Euphorbia dentata Michx.

Toothed Spurge


CC = 0
CW = 5
MOC = 71

© DETenaglia

Family - Euphorbiaceae

Habit - Taprooted annual forb, with milky sap.

Euphorbia_dentata_roots.jpg Roots.

© SRTurner

Stems - Ascending to erect, to 60 cm, multiple from the base, often branching, the branches not flattened toward the tip, usually green to yellowish green, occasionally reddish-to purplish-tinged, densely pubescent with minute, downward-angled hairs, usually also with scattered, longer, multicellular hairs.

Euphorbia_dentata_stem.jpg Stem and node, with broken petiole showing milky sap.

© SRTurner

Leaves - Mostly opposite, simple, petiolate. Petioles to 1.5 cm long, pubescent, with a shallow adaxial groove. Stipules absent or a pair of minute, light brown, convex, sessile glands. Leaf blades 10-60 mm long, highly variable in shape, linear to lanceolate to nearly circular, not lobed, more or less symmetrically rounded to angled or tapered at the base, rounded or angled to tapered to a usually bluntly pointed tip, the margins relatively coarsely and often irregularly toothed or less commonly finely toothed to scalloped, wavy, or nearly entire, the surfaces sparsely to densely pubescent or occasionally nearly glabrous, green to dull grayish green and sometimes reddish- to purplish-tinged toward the margins or base, the undersurface with somewhat longer, relatively slender, non-pustular hairs and paler green than the upper surface.

Euphorbia_dentata_leaf1.jpg Leaf adaxial.

© SRTurner

Euphorbia_dentata_leaf2.jpg Leaf abaxial.

© SRTurner

Euphorbia_dentata_leaf2a.jpg Leaf abaxial surface.

© SRTurner

Euphorbia_dentata_pressed_leaves.jpg Pressed leaves.

© DETenaglia

Inflorescences - Terminal, small, umbellate panicle with a whorl of leaves at the base, frequently reduced to 1-3 small clusters of cyathia, glabrous.

Euphorbia_dentata_inflorescence.jpg Inflorescence.

© SRTurner

Euphorbia_dentata_inflorescence2.jpg Inflorescence.

© SRTurner

Flowers - Involucre 2.5-3.5 mm long, glabrous, the rim irregularly lobed and fringed, often with a pinkish tinge, the marginal glands 1 or more commonly 2, 0.7-1.2 mm long, appearing strongly concave and more or less 2-lipped, yellowish green to yellowish brown, lacking a petaloid appendage. Staminate flowers 25-40 per cyathium. Anthers bi-lobed, yellow, .5mm broad. Filaments white, glabrous, distinctly jointed in the apical 1/4. Ovaries glabrous, the styles 3, white, glabrous, 1.0-1.5 mm long, each divided 1/2-2/3 of the way from the tip into 2 slightly club-shaped lobes.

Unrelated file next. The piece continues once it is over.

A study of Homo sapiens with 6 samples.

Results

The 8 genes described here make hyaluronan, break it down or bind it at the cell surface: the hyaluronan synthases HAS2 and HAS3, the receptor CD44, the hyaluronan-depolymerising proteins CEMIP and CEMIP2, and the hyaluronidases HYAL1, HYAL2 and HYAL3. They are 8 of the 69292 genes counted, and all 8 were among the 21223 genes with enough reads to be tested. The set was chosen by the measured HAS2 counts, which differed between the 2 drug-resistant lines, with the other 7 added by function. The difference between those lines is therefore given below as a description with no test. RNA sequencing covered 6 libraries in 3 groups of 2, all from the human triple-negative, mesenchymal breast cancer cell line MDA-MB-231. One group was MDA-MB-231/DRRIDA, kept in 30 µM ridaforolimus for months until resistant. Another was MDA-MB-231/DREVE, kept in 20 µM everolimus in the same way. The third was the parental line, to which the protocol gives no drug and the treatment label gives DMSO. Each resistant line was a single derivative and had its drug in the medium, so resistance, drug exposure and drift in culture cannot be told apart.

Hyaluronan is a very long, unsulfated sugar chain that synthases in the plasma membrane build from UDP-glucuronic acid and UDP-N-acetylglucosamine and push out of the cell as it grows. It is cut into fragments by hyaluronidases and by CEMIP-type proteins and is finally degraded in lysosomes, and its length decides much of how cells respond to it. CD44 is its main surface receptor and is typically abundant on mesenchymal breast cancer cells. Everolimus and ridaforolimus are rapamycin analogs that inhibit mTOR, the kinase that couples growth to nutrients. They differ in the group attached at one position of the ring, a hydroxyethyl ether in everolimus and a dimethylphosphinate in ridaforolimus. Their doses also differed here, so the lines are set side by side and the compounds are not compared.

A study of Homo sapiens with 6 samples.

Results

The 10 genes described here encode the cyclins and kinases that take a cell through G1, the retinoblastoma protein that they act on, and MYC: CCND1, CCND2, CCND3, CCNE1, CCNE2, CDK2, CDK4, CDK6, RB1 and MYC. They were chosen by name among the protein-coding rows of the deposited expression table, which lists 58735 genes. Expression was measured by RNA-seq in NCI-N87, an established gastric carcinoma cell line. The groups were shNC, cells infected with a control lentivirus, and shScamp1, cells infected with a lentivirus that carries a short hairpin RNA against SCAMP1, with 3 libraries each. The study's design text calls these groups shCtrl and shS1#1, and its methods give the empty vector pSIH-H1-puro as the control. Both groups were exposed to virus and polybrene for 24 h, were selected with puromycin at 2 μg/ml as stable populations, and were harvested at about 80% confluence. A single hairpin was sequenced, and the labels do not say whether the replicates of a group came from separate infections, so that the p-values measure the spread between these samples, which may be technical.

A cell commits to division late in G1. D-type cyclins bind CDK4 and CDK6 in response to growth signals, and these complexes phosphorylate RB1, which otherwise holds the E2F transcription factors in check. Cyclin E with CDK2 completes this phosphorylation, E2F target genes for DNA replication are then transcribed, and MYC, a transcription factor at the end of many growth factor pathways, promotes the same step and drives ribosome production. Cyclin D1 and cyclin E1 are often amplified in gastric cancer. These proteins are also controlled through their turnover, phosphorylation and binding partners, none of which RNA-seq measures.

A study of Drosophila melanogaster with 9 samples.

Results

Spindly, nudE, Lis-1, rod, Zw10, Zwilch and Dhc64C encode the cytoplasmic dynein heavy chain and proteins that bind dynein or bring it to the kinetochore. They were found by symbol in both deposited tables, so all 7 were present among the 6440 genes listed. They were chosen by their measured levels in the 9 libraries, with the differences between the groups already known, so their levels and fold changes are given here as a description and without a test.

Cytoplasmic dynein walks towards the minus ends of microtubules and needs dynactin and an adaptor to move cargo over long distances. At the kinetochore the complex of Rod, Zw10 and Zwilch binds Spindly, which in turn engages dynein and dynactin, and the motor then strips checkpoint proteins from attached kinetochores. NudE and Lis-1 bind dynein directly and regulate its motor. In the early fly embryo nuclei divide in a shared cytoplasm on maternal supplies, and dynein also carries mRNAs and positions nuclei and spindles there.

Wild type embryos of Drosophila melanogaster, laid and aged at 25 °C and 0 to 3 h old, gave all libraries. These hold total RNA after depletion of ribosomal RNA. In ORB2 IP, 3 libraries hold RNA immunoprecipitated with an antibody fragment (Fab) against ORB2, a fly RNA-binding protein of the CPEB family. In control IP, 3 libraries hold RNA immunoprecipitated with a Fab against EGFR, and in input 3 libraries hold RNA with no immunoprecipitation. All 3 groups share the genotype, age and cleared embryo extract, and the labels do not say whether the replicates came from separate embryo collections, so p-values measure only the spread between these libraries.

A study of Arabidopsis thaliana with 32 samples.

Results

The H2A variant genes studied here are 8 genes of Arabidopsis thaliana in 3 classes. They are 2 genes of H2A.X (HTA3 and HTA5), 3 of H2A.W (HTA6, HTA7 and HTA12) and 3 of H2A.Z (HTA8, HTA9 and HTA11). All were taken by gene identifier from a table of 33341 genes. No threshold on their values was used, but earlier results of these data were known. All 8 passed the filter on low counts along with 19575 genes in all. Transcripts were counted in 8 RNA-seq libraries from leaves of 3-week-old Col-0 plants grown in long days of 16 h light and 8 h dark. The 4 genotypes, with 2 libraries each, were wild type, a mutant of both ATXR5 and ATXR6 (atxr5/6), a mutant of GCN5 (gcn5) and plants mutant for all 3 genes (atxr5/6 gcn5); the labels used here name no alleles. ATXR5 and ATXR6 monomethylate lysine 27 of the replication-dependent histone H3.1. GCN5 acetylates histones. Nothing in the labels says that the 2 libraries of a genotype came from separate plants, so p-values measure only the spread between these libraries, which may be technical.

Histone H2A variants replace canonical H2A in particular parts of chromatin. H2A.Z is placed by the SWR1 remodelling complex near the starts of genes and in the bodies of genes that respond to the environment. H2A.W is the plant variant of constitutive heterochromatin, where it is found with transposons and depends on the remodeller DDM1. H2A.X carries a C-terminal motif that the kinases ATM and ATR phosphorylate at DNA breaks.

Euphorbia_dentata_flowers.jpg Flowers and fruits.

© SRTurner

Fruits - Capsules 3-5 mm long, 3-lobed, glabrous. Seeds 2.5-3.0 mm long, ovate to broadly ovate in outline, more or less rounded in cross-section (the oblique apical portion surrounding the caruncle angled but the longitudinal inner faces appearing rounded), more or less flattened to slightly concave at the base, the surface appearing relatively finely warty or with fine, relatively evenly spaced tubercles, light gray to dark brown or nearly black, often appearing somewhat mottled, often with a small but well-developed, pale caruncle.

Euphorbia_dentata_fruits2.jpg Fruits and seeds.

© SRTurner

Flowering - July - October.

Habitat - Streambanks, ledges and tops of bluffs, forests, glades, upland prairies, fields, gardens, ditches, railroads, roadsides, open disturbed areas.

Origin - Native to the U.S.

Lookalikes - E. davidii, E. cyathophora.

Other info. - This species is found throughout Missouri, and also across much of the southern half of the continental U.S. The plant is generally inconspicuous because of its minute flowers and somewhat nondescript appearance; however with a little practice it is easily identified. The leaves are most commonly ovate and coarsely toothed, and the plant is topped with a knobby-looking inflorescence. The pea-sized, 3-lobed fruits are far more visible than the flowers. The plant strongly resembles the closely related E. davidii, and in fact the two can be difficult to distinguish. The latter plant has leaf hairs with more pustular bases, producing a rougher texture on the leaf underside. That species also has seeds with broad, lumpy warts on the surface.

E. dentata is closely related to the ever-popular Poinsettia that many people like to buy near the Christmas holidays. Be a little careful with this plant, as the milky sap from it (and most other members of the genus) can be irritating to the skin and eyes.

Photographs taken in Ellington, MO., 7-7-03 (DETenaglia); also along the Katy Trail near Dutzow, Warren County, MO, 9-16-2011 and 9-16-2018 (SRTurner).